In an earlier instalment we talked about Managing Engineers, with some recommendations of understanding the personality types and a brief introduction to the idea of Skills Frameworks. In this entry I’d like to revisit skills frameworks to look at some of the practical benefits they can bring in organising a project team.
Firstly, it should come as no surprise that the skills framework can be used as an objective assessment tool, to gather the capabilities of your engineers in terms of the roles they have previously fulfilled, to what competence level and how recently.
If we repeat this over a number of project teams, as a Resource Manager for instance, then we have the basic material from which to derive a team of individuals who have the appropriate combinations of skills for individual projects… rather than just go for the people who have recently become available!
As roles are usually made up of a set of skills, each performed at a certain competence level (accepting that these may be different inside different companies, or for different regulatory or market needs), it is a simple task to do gap analysis between different roles and establish the obvious ‘growth’ route to the next role from each particular role. Typically this is a move to a role where either a new skill has to be added (possibly at a low competence level) or the growth of a skill is required.
As competence levels usually identify stages from the novice, through minimal supervision, to a supervisory role, then supervision of increasing numbers, on projects of increasing degree of difficulty, to expert… these increments are easy to judge (use the skills framework for regular periodic re-assessment). Some skills degrade with lack of use, so you may wish to ensure that sufficient continuous professional development is evident to maintain a skill (at the required competence level) that is not regularly practiced.
Beware though, although competence levels are typically identified numerically, these are labels not values. Do not attempt to do some mathematical or numerically algorithmic assessment of skills and competence levels as roles may have different spans; A software architect at a level that needs supervision on a complex project, may not be equivalent to a software test engineer who is a team leader on a simple project. If your job descriptions, like many, include several roles, the numerical score will not deliver you “the most valuable person”, or “the most loaded occupation”.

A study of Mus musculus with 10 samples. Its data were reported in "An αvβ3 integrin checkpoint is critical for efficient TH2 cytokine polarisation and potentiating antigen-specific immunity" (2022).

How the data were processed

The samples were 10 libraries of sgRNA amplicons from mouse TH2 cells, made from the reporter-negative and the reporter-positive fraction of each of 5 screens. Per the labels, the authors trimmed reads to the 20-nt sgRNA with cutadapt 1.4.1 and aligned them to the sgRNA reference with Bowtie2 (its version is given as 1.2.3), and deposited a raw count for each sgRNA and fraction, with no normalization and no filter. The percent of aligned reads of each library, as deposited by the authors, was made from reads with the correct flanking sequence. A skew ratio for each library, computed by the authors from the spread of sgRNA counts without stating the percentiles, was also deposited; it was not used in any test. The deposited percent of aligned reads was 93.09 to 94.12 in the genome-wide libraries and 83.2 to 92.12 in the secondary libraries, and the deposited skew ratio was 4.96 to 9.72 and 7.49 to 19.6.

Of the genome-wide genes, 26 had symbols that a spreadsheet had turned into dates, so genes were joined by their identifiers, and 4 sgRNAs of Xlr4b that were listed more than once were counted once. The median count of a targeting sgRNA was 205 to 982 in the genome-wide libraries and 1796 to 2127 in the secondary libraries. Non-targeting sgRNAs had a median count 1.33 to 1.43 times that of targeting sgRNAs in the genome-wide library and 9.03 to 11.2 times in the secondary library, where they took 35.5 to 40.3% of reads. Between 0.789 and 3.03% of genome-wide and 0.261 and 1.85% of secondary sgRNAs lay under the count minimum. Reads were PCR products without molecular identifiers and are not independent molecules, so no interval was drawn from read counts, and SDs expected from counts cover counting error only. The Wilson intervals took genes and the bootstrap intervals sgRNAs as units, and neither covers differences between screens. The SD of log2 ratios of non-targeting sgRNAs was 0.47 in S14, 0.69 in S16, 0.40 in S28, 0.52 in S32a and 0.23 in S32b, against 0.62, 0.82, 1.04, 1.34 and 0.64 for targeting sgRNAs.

What is valuable, however, is the recognition when a skill is unique, or where you have very few individuals, as this relates to the fragility of the organisation, as well as giving indications about the ability to deliver concurrent projects. Weaknesses of these sorts should be the target of skills action plans, to generate, mentor or acquire the requisite additional strength. The reverse is also true, where skills are plentiful, skill plans should look to diversify those roles into different growth paths, or by increasing key individuals’ competence levels.
So at the absolute levels you can appropriately partition your staff for roles they are suited, understanding their growth challenges and administering appropriate support. Over a period of time, however, you can also understand the rate of growth by ‘trending’ the changes in assessment patterns (again not numerically, except possibly with competence levels within a skill, as part of a role of an individual’s job!).
Both absolute and trend information should help support individual training plans, ambition and career paths. They can be used to set and assess targets, used to inform on performance assessment or suitability for promotion or awards, but again a note of caution that competence levels are labels and not those labels are not equivalent across skills; not all skills require equivalent intellectual or effort levels and roles depend on the product, process and market expectations; jobs are often a tailored mix of roles, especially when staff are in short supply. So a skill framework should not be used as a blueprint to ‘cookie cutter’ a set of team members for a project, or be used blithely across a population for comparison.